By Catherine Richardson, associate at Charles Russell LLP

Rihanna’s Claim and Passing Off

In March 2012, Topshop started selling a t-shirt with an image of Rihanna on it. Topshop had a licence from the photographer to use the image, but the image itself was not authorised or licensed by Rihanna herself. Rihanna argued that the use of her image on the t-shirt amounted to passing off. There was no suggestion that Topshop may have infringed her right to privacy and it is important to remember that in the UK, there is no such thing as an “image right”.

There are three key elements to a successful claim in passing off. The claimant must show:

1 - goodwill or reputation attached to the “get-up” or particular mark concerned;
2 - a misrepresentation by the defendant; and
3 - damage

Whilst the law of passing off had previously been held to extend to situations of false endorsement, the judge emphasised that generally, selling a garment with a celebrity image on it will not in itself amount to passing off. However, Rihanna’s claim succeeded because the court felt that Rihanna’s fans may believe that the t-shirt was endorsed by the star and that this may motivate their purchase. The specific facts of the case were key in reaching the decision.

The claimant must demonstrate goodwill or reputation attached to the “get-up” or particular mark concerned; a traditional passing off case might involve an unregistered trade mark right such as a brand name or logo, but unusually in this case the court considered the goodwill attached to Rihanna’s image in the context of the fashion industry. The court acknowledged that the scope of Rihanna’s goodwill extended to the fashion world; she is seen as a trend-setter and style icon, having collaborated with brands such as Armani, Gucci and River Island.

As the judge said “misrepresentation is the real issue in this case”, the question was whether customers bought the t-shirt because they like the product (and, no doubt, Rihanna) or because the use of Rihanna’s image made a misrepresentation that the product was endorsed by her. There was no evidence of any actual confusion, but this was not determinative. The judge was careful to point out that although customers are aware that celebrities engage in merchandising that does not mean they always want to buy authorised products; they often simply like the look. Many garments carry celebrity images which are not authorised.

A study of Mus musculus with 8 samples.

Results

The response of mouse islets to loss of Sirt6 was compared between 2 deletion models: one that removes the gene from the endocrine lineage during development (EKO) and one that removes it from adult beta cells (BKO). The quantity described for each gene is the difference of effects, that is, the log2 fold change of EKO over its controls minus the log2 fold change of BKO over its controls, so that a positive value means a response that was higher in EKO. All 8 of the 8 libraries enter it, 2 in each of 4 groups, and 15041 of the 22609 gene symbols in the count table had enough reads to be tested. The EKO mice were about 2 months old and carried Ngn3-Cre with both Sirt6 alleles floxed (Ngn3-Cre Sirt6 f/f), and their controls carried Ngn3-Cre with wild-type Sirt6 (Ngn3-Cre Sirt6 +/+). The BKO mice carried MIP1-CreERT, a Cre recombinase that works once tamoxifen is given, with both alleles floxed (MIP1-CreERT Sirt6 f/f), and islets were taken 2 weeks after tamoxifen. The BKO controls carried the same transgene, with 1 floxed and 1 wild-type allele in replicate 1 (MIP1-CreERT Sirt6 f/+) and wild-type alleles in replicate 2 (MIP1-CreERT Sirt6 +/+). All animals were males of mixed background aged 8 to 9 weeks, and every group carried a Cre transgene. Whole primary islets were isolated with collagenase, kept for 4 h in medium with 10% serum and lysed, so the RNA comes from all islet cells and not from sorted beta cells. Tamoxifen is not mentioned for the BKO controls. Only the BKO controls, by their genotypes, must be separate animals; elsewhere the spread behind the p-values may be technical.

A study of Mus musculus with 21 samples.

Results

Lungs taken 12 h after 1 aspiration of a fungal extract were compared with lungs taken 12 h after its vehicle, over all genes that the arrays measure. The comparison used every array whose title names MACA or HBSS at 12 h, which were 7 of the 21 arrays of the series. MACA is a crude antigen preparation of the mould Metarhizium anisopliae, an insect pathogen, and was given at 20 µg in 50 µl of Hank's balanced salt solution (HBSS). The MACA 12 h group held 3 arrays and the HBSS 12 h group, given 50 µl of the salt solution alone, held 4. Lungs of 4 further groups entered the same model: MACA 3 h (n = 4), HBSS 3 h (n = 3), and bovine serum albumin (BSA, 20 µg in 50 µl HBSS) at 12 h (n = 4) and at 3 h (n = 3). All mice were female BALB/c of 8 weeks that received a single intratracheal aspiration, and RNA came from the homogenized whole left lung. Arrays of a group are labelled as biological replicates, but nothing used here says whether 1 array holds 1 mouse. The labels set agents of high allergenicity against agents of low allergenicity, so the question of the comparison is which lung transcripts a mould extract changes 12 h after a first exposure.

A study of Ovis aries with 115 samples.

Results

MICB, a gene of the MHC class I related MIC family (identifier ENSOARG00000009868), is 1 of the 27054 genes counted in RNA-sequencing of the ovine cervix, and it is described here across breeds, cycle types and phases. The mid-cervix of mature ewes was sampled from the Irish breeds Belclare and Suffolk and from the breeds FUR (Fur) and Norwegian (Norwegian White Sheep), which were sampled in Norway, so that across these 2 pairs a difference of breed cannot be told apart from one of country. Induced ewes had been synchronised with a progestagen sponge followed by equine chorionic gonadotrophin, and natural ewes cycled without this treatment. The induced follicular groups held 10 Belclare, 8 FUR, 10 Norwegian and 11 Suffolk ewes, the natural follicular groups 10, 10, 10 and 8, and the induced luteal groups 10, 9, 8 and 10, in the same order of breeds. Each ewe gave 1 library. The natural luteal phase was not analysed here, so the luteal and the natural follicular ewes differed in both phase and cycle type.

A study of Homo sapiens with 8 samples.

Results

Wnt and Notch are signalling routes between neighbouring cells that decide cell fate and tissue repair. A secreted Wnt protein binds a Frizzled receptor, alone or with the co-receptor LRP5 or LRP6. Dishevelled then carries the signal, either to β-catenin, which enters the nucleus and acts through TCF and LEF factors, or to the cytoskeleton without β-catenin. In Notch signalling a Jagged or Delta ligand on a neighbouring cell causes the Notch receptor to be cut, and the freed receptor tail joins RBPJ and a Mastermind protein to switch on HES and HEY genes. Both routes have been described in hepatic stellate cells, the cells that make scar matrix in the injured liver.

However, Topshop had previously sold celebrity authorised products (for example, Topshop’s well publicised collaboration with Kate Moss) and made efforts to emphasise connections between the store and stylish celebrities. Rihanna had also been connected with Topshop, notably when they ran a competition to go shopping with Rihanna in 2010, and when Rihanna’s visited to their store in February 2012. A substantial number of customers would have been aware of these instances and this, the judge said, enhanced the likelihood that they may believe the garment was authorised.
Furthermore, the particular photograph was taken during a video shoot for a popular Rihanna music video and as Rihanna’s fans were familiar with her work, this may be mistaken as part of a marketing campaign. The judge concluded that Rihanna fans may be misled into believing that there was a commercial connection between Topshop and Rihanna and that this would motivate them to buy the product.

It is not generally difficult to prove damage if goodwill and misrepresentation have been shown. In this case, the misrepresentation was thought to be damaging to Rihanna’s goodwill – including lost sales to her merchandising business and a loss of control over her reputation in the fashion sphere.

The implications
Using a celebrity image on a garment does not automatically amount to passing off. The decision was made on the particular facts of the case which are unusual. However, before using celebrity imagery, retailers should consider whether their consumers (even if it is only some of their consumers) may be confused into believing that the product has been endorsed or authorised by the celebrity in question. Permission will not be expressly required provided that use of such an image does not do anything to mislead the public as to the commercial connection with the celebrity. Of course it will always be necessary to have the permission of the photographer (or copyright owner).